If you had the curiosity and idle time to read my rant last week entitled, “Mad Crowd Media, Don’t Piss Me Off,” and the nearly 100 reader comments it has since generated (including a response from one of the principals of MCM), then you might be interested in this concluding post, with an email response on behalf of one of the multinational companies whose product was a subject of two of the MCM emails. I was glad to see the passionate and often vehement comments of marketmanila.com readers, the vast majority I noticed, possibly 95%+, appeared to be in sync with my views on the matter. I was glad to see that many readers DID find the four emails from MCM to be distateful or offensive, and many felt that the manner, style, and possibly unethical content was worthy of a comment…
What really surprised me about that rant, almost more than the original post itself, was the response of one of the principal’s of the MCM firm, who wrote in his comments several points that made it seem as though there was nothing at all objectionable or inappropriate about the emails that his associate sent to me and other bloggers. Instead, nary a trace of remorse or regret, instead a quick defense that struck me as a complete misread of the situation. The key issue raised was the appropriateness or ethics of PAYING FOR A POSITIVE EDITORIAL, not helping bloggers make money from their content through advertising. What was upsetting was the apparent belief that this was just business as usual, and that everyone was cool with it. That new media had different rules. Excuse me for wondering how technology would change the concept of right or wrong…
But thankfully, I wasn’t the only one who found the situation worth ranting about (my first full rant in nearly 10 months). Several thousand readers and even more pageviews of that particular post shows the relevance of the issues discussed. Many readers expressed a very strong reaction to that post, and their comments reflect these reactions. But in a fitting end to this discussion, I received the following email, which is VERY SELF EXPLANATORY, and I quote:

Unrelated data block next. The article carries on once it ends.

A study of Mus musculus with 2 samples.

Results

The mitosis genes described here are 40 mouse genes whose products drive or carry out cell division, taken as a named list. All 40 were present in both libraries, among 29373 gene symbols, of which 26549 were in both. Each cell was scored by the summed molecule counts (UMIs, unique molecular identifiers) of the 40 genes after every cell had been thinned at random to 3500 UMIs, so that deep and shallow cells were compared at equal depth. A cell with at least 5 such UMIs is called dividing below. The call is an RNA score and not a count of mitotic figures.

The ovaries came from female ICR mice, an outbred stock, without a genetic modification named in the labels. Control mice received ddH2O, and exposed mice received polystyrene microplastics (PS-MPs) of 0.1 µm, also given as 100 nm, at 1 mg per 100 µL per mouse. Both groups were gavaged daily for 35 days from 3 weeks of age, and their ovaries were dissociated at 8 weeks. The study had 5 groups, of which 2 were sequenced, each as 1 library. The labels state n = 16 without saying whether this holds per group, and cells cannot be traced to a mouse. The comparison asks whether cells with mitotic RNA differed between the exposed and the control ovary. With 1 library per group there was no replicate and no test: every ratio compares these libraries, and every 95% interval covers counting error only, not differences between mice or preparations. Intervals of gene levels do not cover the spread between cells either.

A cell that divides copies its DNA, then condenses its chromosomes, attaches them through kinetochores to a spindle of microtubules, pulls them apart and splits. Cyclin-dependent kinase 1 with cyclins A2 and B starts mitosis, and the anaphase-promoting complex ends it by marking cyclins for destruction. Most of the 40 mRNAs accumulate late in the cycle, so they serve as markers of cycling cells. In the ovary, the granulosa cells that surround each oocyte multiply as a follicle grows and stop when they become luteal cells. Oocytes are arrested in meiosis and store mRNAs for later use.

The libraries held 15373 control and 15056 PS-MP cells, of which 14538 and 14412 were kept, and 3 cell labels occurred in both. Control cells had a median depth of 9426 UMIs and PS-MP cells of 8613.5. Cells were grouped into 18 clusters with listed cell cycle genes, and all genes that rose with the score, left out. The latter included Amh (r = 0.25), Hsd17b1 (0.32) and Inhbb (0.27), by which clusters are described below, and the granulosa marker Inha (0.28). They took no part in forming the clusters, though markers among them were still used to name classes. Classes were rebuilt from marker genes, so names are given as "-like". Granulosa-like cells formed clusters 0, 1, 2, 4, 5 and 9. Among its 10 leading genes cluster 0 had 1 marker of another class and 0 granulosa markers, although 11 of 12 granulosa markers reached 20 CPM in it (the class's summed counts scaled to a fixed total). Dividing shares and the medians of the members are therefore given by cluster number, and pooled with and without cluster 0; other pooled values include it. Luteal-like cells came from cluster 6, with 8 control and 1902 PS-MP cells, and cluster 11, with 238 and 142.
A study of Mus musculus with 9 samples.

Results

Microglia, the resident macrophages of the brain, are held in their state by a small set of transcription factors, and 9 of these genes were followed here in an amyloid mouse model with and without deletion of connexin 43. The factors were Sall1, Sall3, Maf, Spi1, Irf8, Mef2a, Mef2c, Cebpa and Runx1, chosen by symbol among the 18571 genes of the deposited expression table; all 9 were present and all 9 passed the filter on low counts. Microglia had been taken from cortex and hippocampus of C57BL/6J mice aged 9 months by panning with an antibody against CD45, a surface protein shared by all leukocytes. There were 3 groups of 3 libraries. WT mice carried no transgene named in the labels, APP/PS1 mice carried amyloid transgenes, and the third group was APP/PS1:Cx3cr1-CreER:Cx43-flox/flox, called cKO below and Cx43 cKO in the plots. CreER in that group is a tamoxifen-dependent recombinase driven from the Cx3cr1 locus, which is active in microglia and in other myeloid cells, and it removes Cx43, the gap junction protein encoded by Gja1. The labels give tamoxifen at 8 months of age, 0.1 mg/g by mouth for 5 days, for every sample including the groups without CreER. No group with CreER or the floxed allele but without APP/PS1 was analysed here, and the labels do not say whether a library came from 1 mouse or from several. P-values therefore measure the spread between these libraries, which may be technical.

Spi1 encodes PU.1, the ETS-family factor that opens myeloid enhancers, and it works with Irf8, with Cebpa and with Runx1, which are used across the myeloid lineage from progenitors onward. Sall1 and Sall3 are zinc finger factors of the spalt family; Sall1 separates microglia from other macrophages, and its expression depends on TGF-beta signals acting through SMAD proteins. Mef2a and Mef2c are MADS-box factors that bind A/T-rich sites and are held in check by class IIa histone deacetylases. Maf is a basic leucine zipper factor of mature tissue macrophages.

“Bloggers Event of Orbit on September 15, 2008
Dear Market Manila,
I am writing on behalf of our client, (Parent Company), regarding an event organized exclusively for bloggers entitled “7,100 Tastes” sponsored by Orbit Gum. Having one of the largest networks of online independent publishers in the country, (Ad Agency) contacted Mad Crowd Media to invite bloggers like yourself to participate in this event.
We would like to clarify on behalf of (Parent Company) Philippines that a clear misrepresentation was made when Mad Crowd Media communicated “compensation for editorials”, encouraging paid posts. We had no idea beforehand that such a proposition would be offered and neither do we condone such actions. We would also like to emphasize that (Parent Company) was not involved whatsoever in the email invitation independently sent by Mad Crowd Media on (Orbit and Parent Company’s) behalf, and would never have agreed to such an arrangement.
We have consistently communicated to our clients that event participation does not guarantee an editorial post of which they understood and supported completely. We respect the opinions and unbiased feedback of online independent publishers.
In light of this incident, we are no longer working with Mad Crowd Media and we are not pushing through with the event on September 15 to preserve the intention of the event to build a relationship with bloggers in a professional and credible way. We would like to apologize for any inconvenience this may cause you.
I would like to personally clarify any miscommunication caused by this incident. Please e-mail me your contact details at xxxx@xxxxxxxxx or you can contact me anytime at +63xxxxxxxxxx so we can discuss this incident and clarify all concerns. Thank you very much for your understanding.
(Ad Agency for Parent Company)”
I have struck out the names of the Parent Company and Ad Agency to prevent bringing any more attention to them, as the issue was primarily a result of Mad Crowd Media emails to marketmanila.com, not any interaction between marketmanila and the Ad Agency and Parent Company.
I am pleased to see that (Ad Agency and Parent Company) took the issue of the MCM emails (offering to purchase positive editorials) to bloggers seriously, and acted swiftly to assert that their clients DO NOT ENCOURAGE OR CONDONE “pay for post/editorial” arrangements. So there you have it. Many thanks for their email, which I received last Friday evening. I waited until today to write this post so that I could clarify some issues regarding the email directly with ad agency representatives, which I did just minutes ago. I hope the Philippine blogging community has learned some useful lessons from this experience.